While we often associate winter with bitter cold and long nights, I always like to associate it with citrus season, and peak passion fruit season. Passion fruit is such a fun and odd fruit, with a leathery exterior, and a juicy, tropical, and very acidic interior. If you’re a fan of lemony flavor, you’ll love passion fruit! This tart is made of a simple shortbread crust with some lemon zest, and a passion fruit curd filling. It’s full of bright flavors and bright colors, perfect for bringing some sunshine to a cold, wintry day.
What is passion fruit?
Passion fruit is one of those foods that I never really tried until I was an adult. It was always something I was vaguely aware of, particularly in terms of tropical juice blends, but I didn’t have much experience with the fruit by itself. Growing up in the SF Bay Area, passion fruit vines are a very common garden plant, but often times they are not pollinated, so they don’t bear fruit. It wasn’t until fairly recently that I put it together in my mind that those wild and gorgeous purple flowers belong to the same plant that bears such weirdly wonderful alien fruits!
If you aren’t familiar with passion fruit, they can seem very strange at first. They are very light fruits, with a sort of spongy and leathery exterior that almost feels like foam. They wrinkle as they ripen, and sliced open, are filled with a bright yellow pulp. This pulp is juicy and tropical, and can easily be scooped out with a spoon. Passion fruits do contain black seeds, which don’t really taste like anything. You can choose to eat them for a little bit of crunch, or discard. Since we are making a smooth curd in this recipe, you will discard most of them. However, feel free to keep some of the seeds as part of the garnish!
This passion fruit curd tart is baked in two stages. First, to set the crust, then to set the filling. This is a method called “blind baking”, which means that the tart shell bakes first with no filling inside. To keep the crust from puffing too much, prick the bottom of the tart crust all with a fork (known as “docking”). This will help keep the shape of the crust during the initial bake.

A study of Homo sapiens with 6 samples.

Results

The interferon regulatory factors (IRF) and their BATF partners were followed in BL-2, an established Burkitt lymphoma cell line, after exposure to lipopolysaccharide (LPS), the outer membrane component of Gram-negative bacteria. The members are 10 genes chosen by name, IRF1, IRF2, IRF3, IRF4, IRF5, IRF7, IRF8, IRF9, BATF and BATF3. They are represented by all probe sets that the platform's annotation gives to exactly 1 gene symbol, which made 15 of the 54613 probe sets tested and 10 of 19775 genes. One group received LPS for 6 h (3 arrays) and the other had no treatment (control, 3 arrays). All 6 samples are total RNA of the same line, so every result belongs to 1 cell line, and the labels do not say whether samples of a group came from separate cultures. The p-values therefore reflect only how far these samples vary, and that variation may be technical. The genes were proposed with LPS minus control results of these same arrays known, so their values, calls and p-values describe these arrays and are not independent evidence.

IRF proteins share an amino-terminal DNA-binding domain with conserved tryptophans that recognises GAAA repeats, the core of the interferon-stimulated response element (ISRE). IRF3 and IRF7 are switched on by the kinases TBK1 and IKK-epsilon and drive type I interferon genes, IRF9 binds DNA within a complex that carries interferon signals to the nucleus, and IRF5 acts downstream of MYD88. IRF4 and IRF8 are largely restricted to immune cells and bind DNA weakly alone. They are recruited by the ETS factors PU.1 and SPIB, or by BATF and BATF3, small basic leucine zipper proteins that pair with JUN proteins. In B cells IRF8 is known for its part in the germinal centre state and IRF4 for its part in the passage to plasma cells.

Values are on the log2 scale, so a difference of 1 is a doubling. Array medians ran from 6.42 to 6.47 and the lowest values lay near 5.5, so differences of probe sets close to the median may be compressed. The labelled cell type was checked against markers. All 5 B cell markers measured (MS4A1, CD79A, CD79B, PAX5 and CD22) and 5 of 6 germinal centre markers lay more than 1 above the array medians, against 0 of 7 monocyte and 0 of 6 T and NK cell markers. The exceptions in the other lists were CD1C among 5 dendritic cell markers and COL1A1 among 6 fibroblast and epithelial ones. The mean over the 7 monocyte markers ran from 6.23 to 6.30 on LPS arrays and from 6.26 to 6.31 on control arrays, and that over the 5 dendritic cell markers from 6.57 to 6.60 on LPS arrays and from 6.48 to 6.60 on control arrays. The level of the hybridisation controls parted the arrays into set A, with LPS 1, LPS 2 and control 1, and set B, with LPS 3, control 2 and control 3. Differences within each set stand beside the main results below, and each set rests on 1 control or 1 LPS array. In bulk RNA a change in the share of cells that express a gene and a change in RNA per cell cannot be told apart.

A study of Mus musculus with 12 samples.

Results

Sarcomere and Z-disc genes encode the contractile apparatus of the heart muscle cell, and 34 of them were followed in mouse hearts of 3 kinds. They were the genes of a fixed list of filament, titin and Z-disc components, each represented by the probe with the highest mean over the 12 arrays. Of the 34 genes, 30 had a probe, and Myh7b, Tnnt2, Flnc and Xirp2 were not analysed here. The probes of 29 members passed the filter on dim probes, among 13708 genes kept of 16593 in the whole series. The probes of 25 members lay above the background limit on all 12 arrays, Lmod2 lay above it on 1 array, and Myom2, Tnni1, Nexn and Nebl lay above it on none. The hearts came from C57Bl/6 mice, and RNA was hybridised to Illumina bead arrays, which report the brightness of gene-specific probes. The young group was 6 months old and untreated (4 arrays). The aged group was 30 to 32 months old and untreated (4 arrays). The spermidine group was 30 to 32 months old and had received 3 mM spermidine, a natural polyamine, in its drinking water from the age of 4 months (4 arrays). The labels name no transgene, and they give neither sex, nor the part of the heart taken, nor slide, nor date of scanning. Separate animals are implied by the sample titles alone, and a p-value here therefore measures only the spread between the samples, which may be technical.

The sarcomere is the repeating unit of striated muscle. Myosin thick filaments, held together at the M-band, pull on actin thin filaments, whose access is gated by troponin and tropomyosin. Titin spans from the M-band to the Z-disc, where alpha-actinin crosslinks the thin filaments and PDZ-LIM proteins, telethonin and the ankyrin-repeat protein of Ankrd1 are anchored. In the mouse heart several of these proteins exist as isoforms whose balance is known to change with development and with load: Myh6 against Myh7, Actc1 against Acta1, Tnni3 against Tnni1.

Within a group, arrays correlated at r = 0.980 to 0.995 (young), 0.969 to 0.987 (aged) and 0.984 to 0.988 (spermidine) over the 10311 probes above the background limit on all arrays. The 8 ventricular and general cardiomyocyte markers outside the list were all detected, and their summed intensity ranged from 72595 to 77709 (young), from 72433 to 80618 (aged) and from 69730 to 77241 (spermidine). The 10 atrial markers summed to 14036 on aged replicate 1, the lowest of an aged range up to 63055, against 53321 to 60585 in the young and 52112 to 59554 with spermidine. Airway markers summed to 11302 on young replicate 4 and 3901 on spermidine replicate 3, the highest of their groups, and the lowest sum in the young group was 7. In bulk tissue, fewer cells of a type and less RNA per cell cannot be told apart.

For this recipe, we are only going to partially blind bake the crust, because the filling needs a short bake to fully set.
How to make the best passion fruit curd
I love making fruit curds. I think it’s an incredibly easy way to make something incredibly delicious. For this recipe, you will need around 11 passion fruits, depending on their size. Preparing the passion fruit pulp for the curd is a little bit of a labor of love, but I promise it’s worth it! You will need to spoon out the pulp and pass it through a strainer, so that you are left with only the passion fruit juice. Feel free to save the pulp and seeds to use as a topping for yogurt or oatmeal!
Many curd recipes call for the use of a double boiler, or tempering the eggs. I personally do not find either necessary. Passionfruit curd is very easy to make: everything goes into the pot at once, and it only takes about 10 minutes in total. Make sure you whisk your eggs well before you add them to the pot. To ensure even cooking, continue whisking the entire time the curd is over heat. To guarantee an extra silky smooth lemon curd, simply pass it through a mesh strainer before using.
This recipe makes a slightly looser curd, since it is baked until set. If you want to make this passionfruit curd just to eat on its own (no judgment: it’s delicious!), feel free to add a tablespoon or two of cornstarch to make it a bit thicker.
Tools for making this tart
I recommend using a stand mixer to make the shortbread crust. You can also make it with an electric mixer to cream the butter and sugar. Regardless of method, it is important not to overwork the dough.
The passion fruit curd does not need any special tools besides a strainer.
This recipe calls for a 9″ loose bottomed tart tin. It could make 4-6 mini tarts instead, depending on the size of your tins. For the blind baking, you will need a fork to prick the base of your tart crust.
How to store this passion fruit curd tart
This tart keeps very well in the fridge, covered carefully, for 3-5 days. Allow to come to room temp before serving.